In the middle of the northeast Caribbean Sea is an island called Saint Martin. Located around 300 kilometers east of Puerto Rico, the sea island measures 87 square kilometers and is divided into French and Dutch territories. This division dates all the way back to 1648. It is one of the smallest islands divided between two nations.
The northern part of the island is an overseas collectivity of France. The French calls it the Collectivite de Saint-Martin. The southern end, called Saint Maarten, is one of the four constituent countries that form the Netherlands. It is on the Dutch southern side that the Princess Juliana International Airport, the island’s main airport, is located.
The History Channel program called “Most Extreme Airports” ranks Princess Juliana International Airport as the fourth most dangerous airport in the world because of its approach over water and the mountains that are in the path of departing planes. It is also the featured airport in the free version of the game called “Microsoft Flight Simulator X.” It is also the destination of the same game’s mission called “Caribbean Landing.”
The airport handles more than 1.6 million passengers and more than 103,500 aircraft movements every year. It serves as the major gateway for other islands as well, including Anguilla, Saba, St. Barthelemy and St. Eustatius. It is also the hub of Windward Islands Airways.
The airport was built in the 1940s and started out as an airstrip for the military in 1942. By the following year, it had already been converted into a civilian airport. In 1944, the Dutch Crown Princess Juliana visited the island and landed at the airport. The place was eventually named after her.
In 1964, the airport was remodeled and outfitted with a new terminal building and control tower. A master plan to modernize the airport was then commissioned in 1997. It was divided into three phases, but only the first two have been completed so far.
The first phase upgraded the existing facilities and the level of service in different areas. The runway was widened and strengthened to increase its bearing capacity. The old terminal was also upgraded and a new apron was constructed. All these were completed in 2001.
The second phase involved the building of a radar facility and a new air traffic control tower, both of which were completed in 2004. A new and modern terminal measuring 27,000 square meters was also constructed and unveiled in 2006. This terminal is capable of handling up to 2.5 million passengers every year and has five jetways for large aircrafts.
Also, to comply with international safety rules, a Runway End Safety Area, or RESA, measuring 150 meters was built. This includes an overrun of 60 meters on both ends of the runway.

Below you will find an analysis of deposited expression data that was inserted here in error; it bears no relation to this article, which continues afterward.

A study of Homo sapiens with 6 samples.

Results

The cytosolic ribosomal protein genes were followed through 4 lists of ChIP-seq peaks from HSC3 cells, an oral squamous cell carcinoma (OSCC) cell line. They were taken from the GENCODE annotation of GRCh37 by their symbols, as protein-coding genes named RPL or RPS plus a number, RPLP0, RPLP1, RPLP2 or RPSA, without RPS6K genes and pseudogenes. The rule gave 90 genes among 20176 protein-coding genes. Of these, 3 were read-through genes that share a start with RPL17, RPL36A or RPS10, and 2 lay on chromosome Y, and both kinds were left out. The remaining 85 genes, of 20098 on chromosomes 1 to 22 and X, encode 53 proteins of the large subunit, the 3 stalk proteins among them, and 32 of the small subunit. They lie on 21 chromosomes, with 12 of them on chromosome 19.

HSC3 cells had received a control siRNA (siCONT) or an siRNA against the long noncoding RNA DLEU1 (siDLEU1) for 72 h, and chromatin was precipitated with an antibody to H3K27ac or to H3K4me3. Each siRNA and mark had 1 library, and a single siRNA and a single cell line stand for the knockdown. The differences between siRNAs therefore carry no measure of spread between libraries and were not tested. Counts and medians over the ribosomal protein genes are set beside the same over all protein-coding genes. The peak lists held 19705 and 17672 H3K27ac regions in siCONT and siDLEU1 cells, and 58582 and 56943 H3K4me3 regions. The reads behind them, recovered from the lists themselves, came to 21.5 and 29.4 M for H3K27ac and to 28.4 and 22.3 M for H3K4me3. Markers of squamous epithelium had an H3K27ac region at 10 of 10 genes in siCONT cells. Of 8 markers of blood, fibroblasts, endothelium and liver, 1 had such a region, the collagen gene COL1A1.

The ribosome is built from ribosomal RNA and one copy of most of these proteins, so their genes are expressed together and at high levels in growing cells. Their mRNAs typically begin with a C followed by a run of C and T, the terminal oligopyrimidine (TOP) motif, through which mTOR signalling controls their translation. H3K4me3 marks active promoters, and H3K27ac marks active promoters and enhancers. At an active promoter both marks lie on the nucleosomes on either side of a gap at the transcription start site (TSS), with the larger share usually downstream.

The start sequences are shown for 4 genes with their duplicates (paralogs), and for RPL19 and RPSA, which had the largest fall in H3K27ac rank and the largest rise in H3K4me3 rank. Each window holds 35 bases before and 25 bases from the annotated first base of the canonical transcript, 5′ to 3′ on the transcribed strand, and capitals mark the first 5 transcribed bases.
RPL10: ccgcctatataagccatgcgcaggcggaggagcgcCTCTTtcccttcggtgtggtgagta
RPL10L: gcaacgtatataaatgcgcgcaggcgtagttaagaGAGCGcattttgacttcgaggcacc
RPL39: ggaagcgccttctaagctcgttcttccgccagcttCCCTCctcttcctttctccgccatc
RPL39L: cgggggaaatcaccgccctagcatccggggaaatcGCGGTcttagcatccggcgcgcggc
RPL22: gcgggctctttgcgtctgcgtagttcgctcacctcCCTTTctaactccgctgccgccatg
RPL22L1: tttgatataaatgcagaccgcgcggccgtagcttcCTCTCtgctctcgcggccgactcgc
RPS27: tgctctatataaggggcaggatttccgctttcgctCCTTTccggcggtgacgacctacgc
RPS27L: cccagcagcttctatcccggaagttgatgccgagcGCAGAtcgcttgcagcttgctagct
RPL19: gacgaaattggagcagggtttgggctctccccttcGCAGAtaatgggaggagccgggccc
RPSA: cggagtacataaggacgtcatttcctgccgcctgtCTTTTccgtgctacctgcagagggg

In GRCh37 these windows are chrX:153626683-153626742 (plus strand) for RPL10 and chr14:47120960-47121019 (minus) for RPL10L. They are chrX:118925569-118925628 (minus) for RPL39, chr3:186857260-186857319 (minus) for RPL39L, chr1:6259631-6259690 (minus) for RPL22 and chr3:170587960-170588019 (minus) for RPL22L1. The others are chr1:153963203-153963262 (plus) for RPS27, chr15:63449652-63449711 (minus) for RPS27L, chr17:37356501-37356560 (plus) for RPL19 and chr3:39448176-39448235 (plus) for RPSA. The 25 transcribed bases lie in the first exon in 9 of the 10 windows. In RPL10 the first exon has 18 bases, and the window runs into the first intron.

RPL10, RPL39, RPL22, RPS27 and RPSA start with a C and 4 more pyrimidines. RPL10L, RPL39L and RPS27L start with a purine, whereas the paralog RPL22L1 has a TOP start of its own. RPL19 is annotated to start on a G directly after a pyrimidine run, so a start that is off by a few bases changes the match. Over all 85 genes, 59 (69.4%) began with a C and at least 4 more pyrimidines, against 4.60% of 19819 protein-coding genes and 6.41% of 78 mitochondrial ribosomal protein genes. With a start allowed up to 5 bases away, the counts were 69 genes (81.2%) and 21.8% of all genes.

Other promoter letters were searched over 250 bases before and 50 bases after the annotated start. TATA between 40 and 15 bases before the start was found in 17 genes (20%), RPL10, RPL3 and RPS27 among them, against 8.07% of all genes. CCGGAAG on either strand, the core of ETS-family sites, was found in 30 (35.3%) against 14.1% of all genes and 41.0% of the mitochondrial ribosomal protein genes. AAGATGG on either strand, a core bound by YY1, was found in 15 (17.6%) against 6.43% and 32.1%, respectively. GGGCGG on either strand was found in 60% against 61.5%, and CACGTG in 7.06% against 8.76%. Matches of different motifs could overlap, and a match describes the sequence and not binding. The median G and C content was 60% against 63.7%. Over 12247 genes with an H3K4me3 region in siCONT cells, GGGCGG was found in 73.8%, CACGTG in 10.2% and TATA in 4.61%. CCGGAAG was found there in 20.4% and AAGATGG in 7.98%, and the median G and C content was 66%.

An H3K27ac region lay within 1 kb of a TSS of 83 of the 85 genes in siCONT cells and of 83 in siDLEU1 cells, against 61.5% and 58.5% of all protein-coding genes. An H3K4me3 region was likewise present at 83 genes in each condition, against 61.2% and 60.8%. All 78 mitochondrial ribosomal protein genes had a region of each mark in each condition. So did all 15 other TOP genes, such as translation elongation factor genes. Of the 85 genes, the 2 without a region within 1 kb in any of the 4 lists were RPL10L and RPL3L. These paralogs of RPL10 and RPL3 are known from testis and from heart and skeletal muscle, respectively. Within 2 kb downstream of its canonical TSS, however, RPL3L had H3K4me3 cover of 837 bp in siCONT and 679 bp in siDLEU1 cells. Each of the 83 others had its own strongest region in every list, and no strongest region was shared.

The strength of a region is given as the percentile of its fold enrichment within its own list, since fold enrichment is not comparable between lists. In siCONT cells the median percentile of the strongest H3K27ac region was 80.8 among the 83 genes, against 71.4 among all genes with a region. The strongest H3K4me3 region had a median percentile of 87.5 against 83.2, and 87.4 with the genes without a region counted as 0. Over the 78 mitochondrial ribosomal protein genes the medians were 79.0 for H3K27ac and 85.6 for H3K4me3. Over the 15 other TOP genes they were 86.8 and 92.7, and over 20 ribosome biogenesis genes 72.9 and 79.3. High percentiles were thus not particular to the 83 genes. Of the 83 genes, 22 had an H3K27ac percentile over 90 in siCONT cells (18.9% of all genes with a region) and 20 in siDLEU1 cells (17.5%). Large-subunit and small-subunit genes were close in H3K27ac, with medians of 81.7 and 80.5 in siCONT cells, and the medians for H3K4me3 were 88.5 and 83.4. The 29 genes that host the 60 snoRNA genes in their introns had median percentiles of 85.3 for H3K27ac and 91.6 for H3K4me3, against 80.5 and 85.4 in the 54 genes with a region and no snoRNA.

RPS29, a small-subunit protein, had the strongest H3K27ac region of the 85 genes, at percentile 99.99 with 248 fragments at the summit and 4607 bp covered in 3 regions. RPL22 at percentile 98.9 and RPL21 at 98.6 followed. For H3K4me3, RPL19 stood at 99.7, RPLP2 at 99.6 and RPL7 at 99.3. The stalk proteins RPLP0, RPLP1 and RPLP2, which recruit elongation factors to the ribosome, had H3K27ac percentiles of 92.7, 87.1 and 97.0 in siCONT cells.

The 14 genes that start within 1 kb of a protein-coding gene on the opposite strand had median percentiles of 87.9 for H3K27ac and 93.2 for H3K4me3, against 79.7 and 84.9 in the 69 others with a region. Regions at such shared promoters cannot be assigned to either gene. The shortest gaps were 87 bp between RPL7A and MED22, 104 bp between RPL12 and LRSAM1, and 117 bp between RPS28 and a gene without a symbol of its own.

The third phase has yet to start, however, as it would depend if the airport traffic would develop as initially planned. If it pushes through, the last stage calls for the construction of a full parallel taxiway system. The terminal building will also be further extended and will be designed to accommodate more jetways and services.
Princess Juliana International Airport is a favorite among planespotters around the world because of its unique, albeit dangerous, approaches featuring low-altitude flyovers over the beach and the shore. Arriving pilots have complained of disorientation because of the approach over water. Planes follow a glide slope of three degrees while flying low over the island’s renowned Maho Beach. This problem, however, is easily solved through normal instrument checks, awareness of the situation and experience. The departure also presents some problems, as pilots need to turn almost immediately because of the mountains in the straight path. Still, there really have been no major incidents recorded in the airport.
The airport terminal is fully air-conditioned. There are 42 desks available for check-ins, eight desks for transit and eleven boarding gates. Departing passengers can make use of five booths specially earmarked for exit control. Arriving passengers, on the other hand, are spread over 10 immigration booths for fast processing of papers. The island’s airport promotes itself as having “So Much More,” and this is manifested in the 40 shops and food and beverage stalls available in the terminal. Some of these shops and food stalls are unique to the island of St. Maarten.
The airport operates from seven in the morning to nine in the evening. Air traffic controllers are equipped with a couple of radar systems, one with a range of 93 kilometers and the other with 460 kilometers. Air traffic controllers of Princess Juliana International Airport manage a total of 4,000 nautical miles of airspace, including the approach control for other airports in the area, like the L’ Esperance Airport in the French section of the island, Clayton J. Lloyd International Airport in Anguilla, Gustaf III Airport in St. Barths, F.D. Roosevelt Airport in St. Eustatius and the Juancho E. Yrausquin Airport in Saba.
For the rich and famous celebrities who wish to visit the island in their own private aircrafts, Princess Juliana International Airport has a Fixed Base Operator Building specially designed for the international and local traffic of private planes. The airport also has office space and private lounges. It even has dedicated customs personnel to serve those arriving via private aircrafts.
While the airport is located in the southern portion of the island controlled by the Dutch, the Netherlands has nevertheless signed a treaty with France regarding the border controls of the island. The two nations agreed on joint border controls on what they call as risk flights. The treaty was first agreed upon and signed way back in 1994, but it was not until 12 years later did both countries ratify the agreement. It came into full force the following year. Still, most of its provisions have yet to be implemented because the working group mandated by the treaty has not been established.